Towards Building the Resilience of Asian Cities, CDIA Makes Available its Project Screening Tool Online
March 20, 2017
Asian cities understand the need to build their resilience against climate change through sound infrastructure investments. But often, they lack the capacity to prepare for their city resilience strategy, particularly the need to strengthen their infrastructure investment elements. The understanding of the scope, rationale, and impact is difficult; while in some cases, city administration has insufficient knowledge of either what their city can afford, or the financing opportunities that are open to them.
With the goal of offering a project profiling instrument that will enhance bankability of proposed measures in city’s climate resilience strategy or action plans, CDIA developed the CDIA Project Screening Tool (PST) and made it available for free online through its www.cdia.asia website. The tool was developed through a grant from The Rockefeller Foundation, and with contributions on the content from partners in the region including cities, intermediaries and financiers.
The PST has four screens that reflect on, and support the city’s response to four critical questions:
Screen 1: Have climate change adaptation infrastructure investment projects been identified and prioritized?
Screen 2: Have climate change adaptation infrastructure investment projects been adequately profiled (most especially how much will these investments cost)?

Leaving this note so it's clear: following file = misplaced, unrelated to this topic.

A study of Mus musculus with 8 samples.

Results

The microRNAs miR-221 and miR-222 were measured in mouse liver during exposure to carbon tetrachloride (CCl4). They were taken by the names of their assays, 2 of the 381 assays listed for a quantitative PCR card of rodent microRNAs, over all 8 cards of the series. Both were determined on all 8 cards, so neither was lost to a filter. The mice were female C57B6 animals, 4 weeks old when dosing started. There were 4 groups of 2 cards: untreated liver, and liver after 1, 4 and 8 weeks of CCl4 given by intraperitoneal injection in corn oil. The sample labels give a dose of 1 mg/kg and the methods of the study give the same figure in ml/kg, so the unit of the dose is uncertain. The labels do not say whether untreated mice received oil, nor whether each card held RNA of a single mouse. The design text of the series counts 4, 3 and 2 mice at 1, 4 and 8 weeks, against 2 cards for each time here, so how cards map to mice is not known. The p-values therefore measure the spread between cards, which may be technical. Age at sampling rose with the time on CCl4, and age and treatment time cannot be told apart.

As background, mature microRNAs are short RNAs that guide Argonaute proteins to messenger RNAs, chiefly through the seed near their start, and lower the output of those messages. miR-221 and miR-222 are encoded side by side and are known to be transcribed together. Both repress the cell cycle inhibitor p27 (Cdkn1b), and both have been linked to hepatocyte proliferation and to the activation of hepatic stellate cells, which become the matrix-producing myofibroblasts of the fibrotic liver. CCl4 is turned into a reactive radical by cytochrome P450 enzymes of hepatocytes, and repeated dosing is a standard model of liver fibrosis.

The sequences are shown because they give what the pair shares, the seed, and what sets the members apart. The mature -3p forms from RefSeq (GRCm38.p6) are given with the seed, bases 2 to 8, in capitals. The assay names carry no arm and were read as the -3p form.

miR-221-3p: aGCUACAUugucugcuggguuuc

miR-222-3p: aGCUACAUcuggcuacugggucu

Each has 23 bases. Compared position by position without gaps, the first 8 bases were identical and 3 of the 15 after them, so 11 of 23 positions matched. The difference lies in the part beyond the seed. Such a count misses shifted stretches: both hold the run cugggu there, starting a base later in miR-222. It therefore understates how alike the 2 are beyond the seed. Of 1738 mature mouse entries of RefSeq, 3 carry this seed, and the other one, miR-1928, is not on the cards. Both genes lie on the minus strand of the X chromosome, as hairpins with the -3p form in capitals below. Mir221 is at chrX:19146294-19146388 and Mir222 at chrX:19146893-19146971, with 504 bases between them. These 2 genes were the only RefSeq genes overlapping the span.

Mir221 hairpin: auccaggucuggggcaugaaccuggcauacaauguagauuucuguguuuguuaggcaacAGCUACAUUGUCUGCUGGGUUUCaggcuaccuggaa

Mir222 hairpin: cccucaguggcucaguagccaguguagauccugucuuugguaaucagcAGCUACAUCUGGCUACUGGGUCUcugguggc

Screen 3: Have potential sources of financing for infrastructure priorities been adequately screened and considered for suitability?
Screen 4: Have municipal finances been reviewed and the ability of municipal government to secure financing for climate resilient infrastructure investments assessed?
The PST may be accomplished by the city government with the involvement of relevant focal points. Other stakeholders such as research organizations, financiers, NGOs, etc. may further be invited to join where necessary.
“After inviting various cities to use the tool in three separate workshops in Bangladesh, Singapore and Philippines in 2016, we are optimistic that it can guide more Asian cities in taking a step forward to translate their climate action plans into actual projects,” said Joy Bailey, CDIA’s Environment and Resilience Specialist. “The demand for infrastructure tackling climate change is huge, but when provided with the right tools and coaching, Asian cities could develop their project proposals and attract potential financiers” she added.
The tool is self-explanatory and adaptable to local context. “We hope to not only make it more accessible to local governments, but also offer them an opportunity to complete the exercise incrementally at their own pace,” said Ms. Bailey.